New Sentencing Guidelines for domestic abuse issued

New Sentencing Guidelines for domestic abuse issued


On 22nd February 2018 the news reported that ‘tougher sentences’ would be introduced for cases that involved domestic abuse.

This comes from the definitive guidelines issued by the Sentencing Council – “Overarching Principles : Domestic Abuse

It’s worth a read to explain exactly what is proposed. It won’t take very long, running in at 12 pages, half of which are blank for ‘notes’.

It’s different to the ‘normal’ Guidelines, and not just in length (the Sexual Offences Guidelines run into 161 pages) in that it does not deal with specific offences (ABH for example), but (as the name suggests) with principles to be applied in dealing with any offence that has an element of domestic abuse. So it would be relevant to a burglary charge where a former partner broke into his ex’s address.

There are a list of aggravating and mitigating features that may be present, which effectively mirror the ones that you would likely find in the individual offence guidelines.

It is made clear that the wishes of the victim is irrelevant in the sentencing exercise (presumably whether the victim is seeking to mitigate or aggravate the sentence), although the Court should take account of a Victim Personal Statement is assessing the impact of the offending on the victim.

The Guidelines do seem to reflect current sentencing practice; provocation is generally not mitigation in domestic offending, offences involving serious violence or learning to severe harm will (generally) require a custodial sentence and the Court should consider arguments in mitigation based on the impact on the children of any relationship with caution.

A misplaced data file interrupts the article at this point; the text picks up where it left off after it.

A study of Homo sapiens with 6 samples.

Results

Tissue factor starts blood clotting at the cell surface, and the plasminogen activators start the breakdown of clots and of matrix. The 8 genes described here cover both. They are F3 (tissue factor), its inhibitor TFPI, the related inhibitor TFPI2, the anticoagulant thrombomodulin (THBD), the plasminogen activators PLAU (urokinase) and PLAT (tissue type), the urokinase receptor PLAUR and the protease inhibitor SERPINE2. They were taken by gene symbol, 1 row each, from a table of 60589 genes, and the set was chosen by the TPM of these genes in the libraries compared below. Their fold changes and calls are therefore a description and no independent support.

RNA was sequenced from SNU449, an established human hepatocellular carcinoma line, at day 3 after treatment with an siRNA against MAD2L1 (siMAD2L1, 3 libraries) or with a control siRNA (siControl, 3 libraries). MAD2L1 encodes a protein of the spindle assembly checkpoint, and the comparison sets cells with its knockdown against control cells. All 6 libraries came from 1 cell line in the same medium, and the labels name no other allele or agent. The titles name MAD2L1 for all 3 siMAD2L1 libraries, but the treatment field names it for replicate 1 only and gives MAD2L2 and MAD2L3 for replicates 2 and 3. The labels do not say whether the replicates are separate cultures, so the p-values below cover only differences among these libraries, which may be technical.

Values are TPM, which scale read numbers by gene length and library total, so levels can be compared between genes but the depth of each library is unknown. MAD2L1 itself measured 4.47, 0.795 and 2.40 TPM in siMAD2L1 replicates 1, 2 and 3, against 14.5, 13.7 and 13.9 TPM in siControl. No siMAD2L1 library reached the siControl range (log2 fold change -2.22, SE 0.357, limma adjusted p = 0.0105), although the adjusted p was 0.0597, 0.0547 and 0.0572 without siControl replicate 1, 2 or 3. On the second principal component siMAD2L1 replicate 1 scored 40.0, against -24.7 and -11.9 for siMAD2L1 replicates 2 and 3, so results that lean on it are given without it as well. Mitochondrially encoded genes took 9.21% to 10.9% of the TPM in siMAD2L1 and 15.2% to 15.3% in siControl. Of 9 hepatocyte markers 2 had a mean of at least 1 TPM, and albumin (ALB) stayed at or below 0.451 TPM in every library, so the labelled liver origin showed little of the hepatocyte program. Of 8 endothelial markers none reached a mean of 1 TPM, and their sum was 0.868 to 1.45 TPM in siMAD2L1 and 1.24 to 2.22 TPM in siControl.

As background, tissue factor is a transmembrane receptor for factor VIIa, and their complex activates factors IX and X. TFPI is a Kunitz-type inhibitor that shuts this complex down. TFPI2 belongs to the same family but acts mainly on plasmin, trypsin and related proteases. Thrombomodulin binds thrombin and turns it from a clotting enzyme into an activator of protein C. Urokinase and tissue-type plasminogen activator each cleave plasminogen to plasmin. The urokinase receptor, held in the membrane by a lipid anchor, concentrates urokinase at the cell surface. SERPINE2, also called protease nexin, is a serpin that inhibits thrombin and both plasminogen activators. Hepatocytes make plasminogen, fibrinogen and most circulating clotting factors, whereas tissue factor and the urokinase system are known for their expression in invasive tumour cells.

The news reports indicate that this will lead to higher sentences however. If this is something that you wish to explore, then have a look at the Council’s Resource Assessment of the new Guidelines which suggests that there will be (at least for adults) : “Overall, it is likely that there will be an increase in severity as courts apply the new guideline which ensures that sentencers treat cases committed in a domestic context as more serious. The exact magnitude of any increase, or any change in the distribution of cases across different disposals, is impossible to predict with any greater precision“. It will be interesting what difference it does make in practice.




  1. Some concerns about how this will be applied in practice. I don’t think domestic abuse is necessarily always more serious than non-domestic abuse (although it sometimes is), definition of abuse isn’t always easy, I can see how the rules can be manipulated, overall increased state intervention in personal relationships isn’t generally a good thing. We’ll have to see how this goes.